Each year for the past 12 years, the Montauk Historical Society flipped the switch on thousands and thousands of lights strung up at the iconic Lighthouse on the Saturday after Thanksgiving. A local community hero would be honored, there would be hot chocolate for all, and there would be a visit from a certain jolly old man in a red suit, who would wave to the crowd from atop the Lighthouse tower.
The relatively new but popular tradition is on hold this year for two good reasons, Joe Gaviola, the Lighthouse keeper, said in an interview last week.
In light of the Covid-19 pandemic there are safety measures at play, but the spotlight is also on the historic restoration project under way at the tower.
"We all have the heartaches of Covid and how it's affected us this year," Mr. Gaviola said. "We are unable to have a gathering of any kind here. We would have five, six thousand people for it and leave it lit typically until Jan. 4. Every night, I would see a stream of cars go by. Tens of thousands of people would come to look at it over that period of time. Because of Covid and because of the work we're doing on the tower, we're unable to string up the lights. It kind of fell together why we couldn't have it."
The construction work is "the most extensive restoration of the George Washington-commissioned Lighthouse since 1860," Mr. Gaviola said.
At a price tag of $1.3 million, and organized into three stages, the project is about a quarter of the way through the second stage, according to Nick Racanelli, a contractor who sits on the Montauk Historical Society's Lighthouse Committee. The structure "needed some T.L.C. -- tender love and care," he said.
The first phase was to fortify the tower against water that would seep in through cracks. It was "getting in between the walls, freezing and thawing, and causing contracting and bulging," Mr. Racanelli said by phone this week.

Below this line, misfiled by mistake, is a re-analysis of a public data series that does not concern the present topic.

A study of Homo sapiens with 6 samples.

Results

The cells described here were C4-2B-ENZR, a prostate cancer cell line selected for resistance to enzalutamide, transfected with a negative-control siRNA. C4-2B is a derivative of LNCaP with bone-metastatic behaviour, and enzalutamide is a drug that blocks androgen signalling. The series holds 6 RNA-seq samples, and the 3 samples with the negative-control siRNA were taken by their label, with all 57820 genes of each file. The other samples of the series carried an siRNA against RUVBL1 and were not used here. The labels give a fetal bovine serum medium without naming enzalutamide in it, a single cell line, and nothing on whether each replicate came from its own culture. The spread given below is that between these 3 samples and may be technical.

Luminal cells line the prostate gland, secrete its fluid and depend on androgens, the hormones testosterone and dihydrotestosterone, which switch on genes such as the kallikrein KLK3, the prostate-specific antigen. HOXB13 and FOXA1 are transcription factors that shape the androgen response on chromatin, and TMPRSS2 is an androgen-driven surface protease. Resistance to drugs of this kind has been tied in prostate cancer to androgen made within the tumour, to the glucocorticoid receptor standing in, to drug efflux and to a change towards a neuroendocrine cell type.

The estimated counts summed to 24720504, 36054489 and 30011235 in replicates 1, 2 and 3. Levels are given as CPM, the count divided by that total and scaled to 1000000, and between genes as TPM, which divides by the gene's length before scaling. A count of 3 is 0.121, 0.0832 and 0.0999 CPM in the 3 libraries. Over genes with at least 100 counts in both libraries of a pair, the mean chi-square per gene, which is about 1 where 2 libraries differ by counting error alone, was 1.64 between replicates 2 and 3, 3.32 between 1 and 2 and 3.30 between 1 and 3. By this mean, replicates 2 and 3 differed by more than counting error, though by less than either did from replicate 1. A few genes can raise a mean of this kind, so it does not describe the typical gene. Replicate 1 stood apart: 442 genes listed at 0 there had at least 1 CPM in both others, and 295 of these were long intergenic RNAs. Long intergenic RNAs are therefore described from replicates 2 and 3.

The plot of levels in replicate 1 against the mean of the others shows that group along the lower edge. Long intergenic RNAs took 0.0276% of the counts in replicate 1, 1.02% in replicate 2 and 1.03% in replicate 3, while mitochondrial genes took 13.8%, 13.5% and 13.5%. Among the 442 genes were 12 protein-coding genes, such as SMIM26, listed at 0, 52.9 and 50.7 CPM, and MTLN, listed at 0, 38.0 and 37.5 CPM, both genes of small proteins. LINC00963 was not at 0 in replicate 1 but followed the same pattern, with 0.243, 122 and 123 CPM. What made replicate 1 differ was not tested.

The second step is the repointing of the tower itself, which has six sides. Each seam is being ground out, and the joints are being restored with lime putty. The tower was originally built using such a lime putty mortar, but over the years it had been repaired with Portland cement instead.
"The lime putty has expansion and contraction characteristics to it," Mr. Gaviola said. "The Portland cement does not expand and contract. It's interesting how we've gone back now. There's over a mile of grinding to expose and go back to the original lime putty that was still in there and replace it."
In the third phase of the project, sometime in 2022, Mr. Racanelli said, the tower will be repainted in the familiar blocks of white and reddish brown.
"You would see all this cracking and some of the stones bulging out. It definitely was in need of restoration," he said. "Probably if we didn't do this, in time we would have had more significant problems. The restoration was timely and it's not only to make it look nice but also to preserve it for the next 200 years for people to enjoy."
There have been multiple challenges along the way, Mr. Racanelli added.
One of them "is to make sure that you logistically keep the patrons safe," he said. "We built a whole sidewalk bridge, kind of like what they do in New York City. We're protecting people walking around. That is really the biggest challenge."
The second big challenge, he continued, was "something that our restoration company didn't totally anticipate -- the severe weather conditions out there. . . . That tower is high. As you start to go up and do the restoration at the top, it's extremely windy."
Mr. Racanelli, who is volunteering his time managing the project, is also overseeing fund-raising, for which about half of the $1.3 million has already been collected or pledged so far. Contributions are urgently being sought, he said, to complete the project. A link to donate is online at montaukhistoricalsociety.org. Among the largest contributions so far is a $438,000 grant from New York State and a $50,000 donation from BNB Bank.
While the Lighthouse may lack its usual holiday cheer, people can still tour the grounds from 11 a.m. to 4 p.m., weather permitting, through Dec. 20. The gift shop is open Thursday through Monday during those same hours through Dec. 20. The museum closes for the season this Monday.
"We'll have it next year, God willing. We can't wait to gather," Mr. Gaviola said. "We know how special it is. We'll really miss doing it."